On October 9 and 10, Winterthur Museum, Garden & Library will hold Chic It Up!, its 5th annual design conference. With a focus on interior design of the 1960s, this exceptional conference has a new format this year and will be featuring lectures from some of the nation’s top design experts as well as fascinating workshops in the museum, house tours, and a cocktail reception.
Chic It Up! kicks off with a sold-out tour of two Brandywine Valley houses that exemplify 1960s design: Patterns and the Big Bend. Patterns is the private residence of Governor and Mrs. Pierre S. du Pont and was designed in 1967 by Chicago’s I. W. Colburn, who was the AIA Architect of the Year in 1960. The Big Bend is the home of George A. (“Frolic”) Weymouth, painter and founder of Brandywine Conservancy and the Brandywine River Museum. The dining room in this 1750s farmhouse is one of the earliest rooms in America still in use and appeared in Thomas Jayne’s Finest Rooms in America (Random House, 2010). The tour will be followed by a cocktail party at one of the region’s most beautiful homes.
Lecture topics for this year’s Chic It Up! are as intercontinental as the jet set. James Archer Abbott, Director and Curator of the Johns Hopkins University’s Evergreen Museum & Library in Baltimore, will address Jackie Kennedy’s Francophile tendencies and Stéphane Boudin’s role in the White House restoration in his lecture “In a Perfect World: Maison Jansen, Monarchical Finery, and the Modern Century.” Decorator and author Adam Lewis will lecture on Billy Baldwin, the “Dean of American Decorating,” and Mitchell Owens of Architectural Digest will present “Youthquake! High Style in the Swinging Sixties.” Finally, design and decorative arts historian Emily Evans Eerdmans will speak on “Madeleine Castaing and le style Malmaison.”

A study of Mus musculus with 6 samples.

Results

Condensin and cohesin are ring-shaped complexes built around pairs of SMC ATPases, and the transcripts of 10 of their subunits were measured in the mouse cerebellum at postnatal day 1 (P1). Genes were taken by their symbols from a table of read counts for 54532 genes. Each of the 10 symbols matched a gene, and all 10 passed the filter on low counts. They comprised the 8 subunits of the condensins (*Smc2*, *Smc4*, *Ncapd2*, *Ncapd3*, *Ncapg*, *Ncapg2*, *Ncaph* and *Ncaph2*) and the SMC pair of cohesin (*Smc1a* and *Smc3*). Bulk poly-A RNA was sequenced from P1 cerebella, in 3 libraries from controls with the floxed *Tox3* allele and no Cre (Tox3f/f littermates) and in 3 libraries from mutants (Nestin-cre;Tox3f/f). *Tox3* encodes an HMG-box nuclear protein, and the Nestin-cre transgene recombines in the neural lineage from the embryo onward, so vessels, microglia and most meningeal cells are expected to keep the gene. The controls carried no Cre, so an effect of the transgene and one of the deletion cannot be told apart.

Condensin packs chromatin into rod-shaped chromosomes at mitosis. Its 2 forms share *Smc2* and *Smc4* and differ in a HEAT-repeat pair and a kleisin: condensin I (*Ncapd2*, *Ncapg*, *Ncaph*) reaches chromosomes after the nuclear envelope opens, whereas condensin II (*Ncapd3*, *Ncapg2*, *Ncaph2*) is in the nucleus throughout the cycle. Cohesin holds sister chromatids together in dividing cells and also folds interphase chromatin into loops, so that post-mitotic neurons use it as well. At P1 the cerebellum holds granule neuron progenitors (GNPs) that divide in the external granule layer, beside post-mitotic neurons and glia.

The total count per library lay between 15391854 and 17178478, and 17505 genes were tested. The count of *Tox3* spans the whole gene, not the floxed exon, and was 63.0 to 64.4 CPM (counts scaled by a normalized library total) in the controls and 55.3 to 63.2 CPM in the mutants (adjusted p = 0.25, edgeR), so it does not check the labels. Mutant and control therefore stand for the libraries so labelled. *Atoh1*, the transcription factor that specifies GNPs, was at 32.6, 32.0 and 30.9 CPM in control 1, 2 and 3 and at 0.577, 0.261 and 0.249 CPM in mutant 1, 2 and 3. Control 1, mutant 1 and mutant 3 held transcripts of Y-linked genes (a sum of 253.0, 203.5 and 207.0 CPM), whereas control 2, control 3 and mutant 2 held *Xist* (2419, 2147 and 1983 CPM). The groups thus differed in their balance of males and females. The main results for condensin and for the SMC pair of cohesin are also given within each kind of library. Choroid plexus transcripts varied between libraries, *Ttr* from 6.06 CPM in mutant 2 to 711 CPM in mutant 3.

Participants will then be treated to captivating workshops and behind-the-scenes tours of Winterthur, led by museum experts. These sessions will focus on the various aspects of H. F. du Pont as tastemaker--from his choices in window treatments to the design and decoration if his last house, a favorite of Diana Vreeland.
The 1960s were an important time for H. F. du Pont and Winterthur. When Jackie Kennedy decided to restore the White House, she chose du Pont to chair what became known as the Fine Arts Committee of the White House because, she stated, “Without him on the Committee I didn’t think we would accomplish much--and with him I knew there would be no criticism.” With his acceptance of the White House appointment, du Pont became the Age of Camelot’s official arbiter of taste.
Don’t miss this opportunity to explore H. F. du Pont’s most pivotal decade with exceptional design experts and authors. For a list of speakers and times, visit winterthur.org/CIU.